Programming the statistical procedures from SAS

Proc Mixed - Covary a baseline value

New User

I'm hoping someone might be able to help me adjust the lsmeans for a baseline value.  That is, DV was measured 8 times: 0 min, 15 min, 30 min, 45 min, 60 min, 120 min, and 90 min, and we'd like to adjust the lsmeans for the baseline value (0 min).  Is this possible? 

Respected Advisor
Posts: 4,751

Re: Proc Mixed - Covary a baseline value

With option / AT time=0 ?

Posts: 186

Re: Proc Mixed - Covary a baseline value

An analysis of covariance model might work, if what you want is to estimate the means at 15, 30, 45, 60, 90, and 120 minutes for a common value of baseline. (The baseline time=0 value would be the covariate.)


Because (presumably) of the repeated measures on a subject at 0, ..., 120 min, the model would be more complicated than your standard ANCOVA (which would have data for time=0 and time= a second value). In particular, the relationship between data at time 15 and time 0 might be stronger than the relationship between data at time 120 and time 0 because noise intrudes as time passes--in other words, the slope of the regression of the response on baseline (time=0) might decrease with later times.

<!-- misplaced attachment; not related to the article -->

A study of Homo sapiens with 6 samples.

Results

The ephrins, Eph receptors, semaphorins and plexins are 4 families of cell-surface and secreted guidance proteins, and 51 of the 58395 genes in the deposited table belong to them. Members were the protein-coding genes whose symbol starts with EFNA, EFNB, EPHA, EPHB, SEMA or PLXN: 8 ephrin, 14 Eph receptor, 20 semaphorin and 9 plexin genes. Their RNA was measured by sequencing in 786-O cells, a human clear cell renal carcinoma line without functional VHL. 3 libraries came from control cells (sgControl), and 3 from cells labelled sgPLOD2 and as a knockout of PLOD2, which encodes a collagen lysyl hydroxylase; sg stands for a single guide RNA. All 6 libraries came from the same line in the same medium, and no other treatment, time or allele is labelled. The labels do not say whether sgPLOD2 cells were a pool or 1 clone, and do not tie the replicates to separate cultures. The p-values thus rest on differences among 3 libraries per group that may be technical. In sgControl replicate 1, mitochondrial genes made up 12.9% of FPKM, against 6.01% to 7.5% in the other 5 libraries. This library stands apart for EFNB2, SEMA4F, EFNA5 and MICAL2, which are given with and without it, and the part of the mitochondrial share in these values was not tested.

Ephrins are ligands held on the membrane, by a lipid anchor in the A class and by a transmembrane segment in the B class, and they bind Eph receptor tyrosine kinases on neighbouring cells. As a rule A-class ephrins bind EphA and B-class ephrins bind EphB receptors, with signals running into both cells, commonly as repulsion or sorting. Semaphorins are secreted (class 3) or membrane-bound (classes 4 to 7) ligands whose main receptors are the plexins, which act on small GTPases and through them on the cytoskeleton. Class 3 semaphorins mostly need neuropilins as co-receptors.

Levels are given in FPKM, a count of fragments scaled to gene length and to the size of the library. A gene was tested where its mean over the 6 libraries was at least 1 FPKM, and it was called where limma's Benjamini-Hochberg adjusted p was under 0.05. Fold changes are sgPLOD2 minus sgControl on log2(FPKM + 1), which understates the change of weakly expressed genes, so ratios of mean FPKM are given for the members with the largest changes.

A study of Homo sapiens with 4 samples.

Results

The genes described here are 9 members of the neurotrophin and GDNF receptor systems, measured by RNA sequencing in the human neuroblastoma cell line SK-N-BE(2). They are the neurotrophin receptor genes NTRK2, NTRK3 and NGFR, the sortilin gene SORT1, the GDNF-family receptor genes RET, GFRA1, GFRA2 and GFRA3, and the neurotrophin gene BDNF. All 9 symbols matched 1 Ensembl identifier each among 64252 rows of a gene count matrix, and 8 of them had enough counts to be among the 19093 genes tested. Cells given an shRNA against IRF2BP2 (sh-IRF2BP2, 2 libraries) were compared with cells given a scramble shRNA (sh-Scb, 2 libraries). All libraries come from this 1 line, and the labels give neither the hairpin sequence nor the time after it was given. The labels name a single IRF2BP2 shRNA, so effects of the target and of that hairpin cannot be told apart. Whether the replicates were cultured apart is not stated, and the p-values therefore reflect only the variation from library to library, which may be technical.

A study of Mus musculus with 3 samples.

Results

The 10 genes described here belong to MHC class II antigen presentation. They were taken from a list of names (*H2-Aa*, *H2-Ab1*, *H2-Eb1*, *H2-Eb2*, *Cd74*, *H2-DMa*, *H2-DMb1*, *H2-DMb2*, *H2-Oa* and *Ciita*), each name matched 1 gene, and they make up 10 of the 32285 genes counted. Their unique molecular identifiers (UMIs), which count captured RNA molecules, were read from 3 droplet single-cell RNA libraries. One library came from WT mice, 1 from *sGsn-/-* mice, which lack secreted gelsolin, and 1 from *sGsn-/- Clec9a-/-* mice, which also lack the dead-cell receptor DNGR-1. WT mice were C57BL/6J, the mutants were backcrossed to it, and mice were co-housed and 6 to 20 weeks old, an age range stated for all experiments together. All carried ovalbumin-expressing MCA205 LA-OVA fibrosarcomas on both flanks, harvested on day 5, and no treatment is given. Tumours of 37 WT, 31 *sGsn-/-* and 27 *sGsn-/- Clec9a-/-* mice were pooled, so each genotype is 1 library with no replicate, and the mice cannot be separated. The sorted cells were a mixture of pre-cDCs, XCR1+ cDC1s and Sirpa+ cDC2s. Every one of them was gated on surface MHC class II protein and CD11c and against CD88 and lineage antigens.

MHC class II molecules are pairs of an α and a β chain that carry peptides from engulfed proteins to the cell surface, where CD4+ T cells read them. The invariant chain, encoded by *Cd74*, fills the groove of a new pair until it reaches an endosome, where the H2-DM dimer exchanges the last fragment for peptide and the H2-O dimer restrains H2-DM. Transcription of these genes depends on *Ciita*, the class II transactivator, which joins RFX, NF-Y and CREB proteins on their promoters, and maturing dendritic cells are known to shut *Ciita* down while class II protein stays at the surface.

This is speculative and untested, but I would consider

proc glimmix data=have;
class time subjectID;
model response = time baseline time*baseline;
random time / subject=subjectID type=<some covariance structure, maybe ar(1)> residual;
lsmeans time / at mean; /* or some other value of baseline */

Issues to consider are

-- the nature of the relationship between response and baseline at each time (e.g., linear)

-- an appropriate covariance structure for the repeated measures within a subject

-- normality and homogeneity of variance (assuming normal distribution)

-- what a sensible "common" value for baseline might be, in context


Alternatively, you could compute a variable that represents deviance from baseline, either absolute (i.e., subtract the baseline value) or relative (e.g., divide by the baseline value). Or maybe a random coefficients model.